With 4,000 tea party patriots rallying against big government and higher taxation in St. Louis yesterday, it’s becoming increasingly clear that this phenomenon is here to stay.
This is not some flash in the pan movement. Americans have been protesting the Administration’s spendthrift policies at least since February. And the roots of this movement may even go back to the fall of 2007 when people started flocking to the libertarian Ron Paul’s quixotic campaign for the GOP presidential nomination.
Tea party protests certainly belong on any list of the top 10, if not top 5, phenomena of 2009. If Time magazine took conservative ideas seriously, they would consider these protestors as candidates for People of the Year.
As a gay conservative, it’s reassuring to see the rise of these protests. It shows that the energy on the right is not among the social conservatives seeking to stymie the growing acceptance of gay people in America today. Instead, the energy is among those of us who seek to reduce the size of government, thus increasing individual freedom.
Watching the increasing number of Americans rallying to the cause of freedom reminds me of the relief I felt back in 1994 when I first read the Contract with America. After it appeared to some that Republicans were moving in the direction of social conservatism in 1992, the Contract showed the GOP returning to its small government principles. We’re seeing the same thing today.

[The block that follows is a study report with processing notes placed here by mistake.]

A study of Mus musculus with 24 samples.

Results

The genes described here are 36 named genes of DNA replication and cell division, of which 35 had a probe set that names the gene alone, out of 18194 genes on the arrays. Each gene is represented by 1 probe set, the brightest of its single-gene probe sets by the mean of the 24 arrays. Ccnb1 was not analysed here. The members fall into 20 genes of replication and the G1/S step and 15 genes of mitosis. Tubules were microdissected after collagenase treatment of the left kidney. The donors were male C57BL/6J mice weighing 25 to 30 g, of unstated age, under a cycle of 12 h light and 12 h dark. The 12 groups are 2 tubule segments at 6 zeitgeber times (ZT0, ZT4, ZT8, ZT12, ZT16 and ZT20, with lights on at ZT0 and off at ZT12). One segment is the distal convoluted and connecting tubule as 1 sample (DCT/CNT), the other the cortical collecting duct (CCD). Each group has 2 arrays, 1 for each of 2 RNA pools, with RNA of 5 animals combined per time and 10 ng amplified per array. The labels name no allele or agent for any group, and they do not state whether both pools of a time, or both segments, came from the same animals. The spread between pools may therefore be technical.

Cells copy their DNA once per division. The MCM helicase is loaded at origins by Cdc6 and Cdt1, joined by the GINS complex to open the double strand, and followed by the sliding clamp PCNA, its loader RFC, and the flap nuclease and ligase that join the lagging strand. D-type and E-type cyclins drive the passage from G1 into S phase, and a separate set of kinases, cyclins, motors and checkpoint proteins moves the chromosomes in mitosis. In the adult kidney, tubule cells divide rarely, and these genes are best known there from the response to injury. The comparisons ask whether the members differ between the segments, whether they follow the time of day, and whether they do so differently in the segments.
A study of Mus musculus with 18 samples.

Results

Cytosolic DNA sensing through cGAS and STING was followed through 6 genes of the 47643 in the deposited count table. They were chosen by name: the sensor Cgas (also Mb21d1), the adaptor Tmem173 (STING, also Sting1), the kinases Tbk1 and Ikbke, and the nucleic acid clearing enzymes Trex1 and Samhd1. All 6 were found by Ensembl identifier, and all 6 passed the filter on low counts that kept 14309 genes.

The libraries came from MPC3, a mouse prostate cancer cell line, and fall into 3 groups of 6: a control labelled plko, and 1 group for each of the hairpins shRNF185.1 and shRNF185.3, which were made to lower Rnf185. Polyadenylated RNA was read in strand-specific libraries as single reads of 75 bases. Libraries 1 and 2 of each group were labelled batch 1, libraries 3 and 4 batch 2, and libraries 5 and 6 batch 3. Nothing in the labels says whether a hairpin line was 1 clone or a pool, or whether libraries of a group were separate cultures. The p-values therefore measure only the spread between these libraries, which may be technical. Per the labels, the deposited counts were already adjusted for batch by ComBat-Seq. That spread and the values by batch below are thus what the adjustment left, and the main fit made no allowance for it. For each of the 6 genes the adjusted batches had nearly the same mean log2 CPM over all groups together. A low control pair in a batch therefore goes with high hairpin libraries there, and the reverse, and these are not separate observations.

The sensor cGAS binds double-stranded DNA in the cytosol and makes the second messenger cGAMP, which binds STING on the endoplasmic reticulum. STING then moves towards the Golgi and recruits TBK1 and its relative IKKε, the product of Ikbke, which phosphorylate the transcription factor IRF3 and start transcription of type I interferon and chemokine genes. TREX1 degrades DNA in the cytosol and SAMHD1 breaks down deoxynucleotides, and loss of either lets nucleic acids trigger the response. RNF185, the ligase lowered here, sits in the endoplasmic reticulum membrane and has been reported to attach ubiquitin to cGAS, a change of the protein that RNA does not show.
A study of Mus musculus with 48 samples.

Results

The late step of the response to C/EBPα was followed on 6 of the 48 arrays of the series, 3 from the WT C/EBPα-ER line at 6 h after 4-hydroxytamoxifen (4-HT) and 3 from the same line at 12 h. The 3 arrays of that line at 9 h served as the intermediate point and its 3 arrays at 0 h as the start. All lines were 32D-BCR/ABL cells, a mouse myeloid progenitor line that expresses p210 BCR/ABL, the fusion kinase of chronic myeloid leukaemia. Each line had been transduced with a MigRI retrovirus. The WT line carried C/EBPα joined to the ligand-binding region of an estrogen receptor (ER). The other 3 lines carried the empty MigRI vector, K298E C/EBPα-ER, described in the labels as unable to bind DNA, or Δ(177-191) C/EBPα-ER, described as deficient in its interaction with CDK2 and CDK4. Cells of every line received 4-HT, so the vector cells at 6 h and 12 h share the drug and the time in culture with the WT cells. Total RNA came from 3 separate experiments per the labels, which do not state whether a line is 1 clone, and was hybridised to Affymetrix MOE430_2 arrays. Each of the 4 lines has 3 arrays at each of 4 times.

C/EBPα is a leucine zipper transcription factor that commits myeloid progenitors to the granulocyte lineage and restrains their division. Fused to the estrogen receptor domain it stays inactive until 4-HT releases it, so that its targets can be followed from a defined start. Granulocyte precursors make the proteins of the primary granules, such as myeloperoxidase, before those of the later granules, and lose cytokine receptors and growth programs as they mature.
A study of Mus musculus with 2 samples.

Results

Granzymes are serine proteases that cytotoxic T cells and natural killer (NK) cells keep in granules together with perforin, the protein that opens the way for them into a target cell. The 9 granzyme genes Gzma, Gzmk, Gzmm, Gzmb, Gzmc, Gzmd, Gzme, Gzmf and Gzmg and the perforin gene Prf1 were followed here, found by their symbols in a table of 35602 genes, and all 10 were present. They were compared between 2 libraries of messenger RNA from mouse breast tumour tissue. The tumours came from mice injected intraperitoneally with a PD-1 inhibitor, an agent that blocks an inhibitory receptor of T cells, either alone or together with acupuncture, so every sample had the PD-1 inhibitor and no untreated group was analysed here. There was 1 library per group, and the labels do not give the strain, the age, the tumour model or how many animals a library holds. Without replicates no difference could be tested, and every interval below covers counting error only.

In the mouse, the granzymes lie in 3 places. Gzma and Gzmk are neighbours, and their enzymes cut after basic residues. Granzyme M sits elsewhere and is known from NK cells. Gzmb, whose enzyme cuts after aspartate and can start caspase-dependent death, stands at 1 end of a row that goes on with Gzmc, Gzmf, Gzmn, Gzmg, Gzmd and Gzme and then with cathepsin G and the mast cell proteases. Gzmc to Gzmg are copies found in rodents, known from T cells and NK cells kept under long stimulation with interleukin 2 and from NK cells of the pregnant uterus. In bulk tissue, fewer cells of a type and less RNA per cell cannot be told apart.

And as Republican officials and candidates recognize the resilience of the Reaganite ideas embodied in these protests, seeing them as a legitimate expression of the sentiment of a growing number of Americans (confirmed by a recent Gallup poll), they’re beginning to realize to win back to congressional majorities, they need focus on cutting government spending and reducing federal regulation. And oppose the Obama Democrats’ big government solutions to our nation’s problems.
So, don’t be deceived about the direction of American conservatism in the post-George W. Bush era. You can see it on the streets of cities across the nation. And read it in the polls. The tea parties may not yet have succeeded in returning America to its small government ideas, but they have galvanized a large segment of the American people. And showed that the principles Ronald Reagan so eloquently articulated still resonate far and wide across the fruited plain.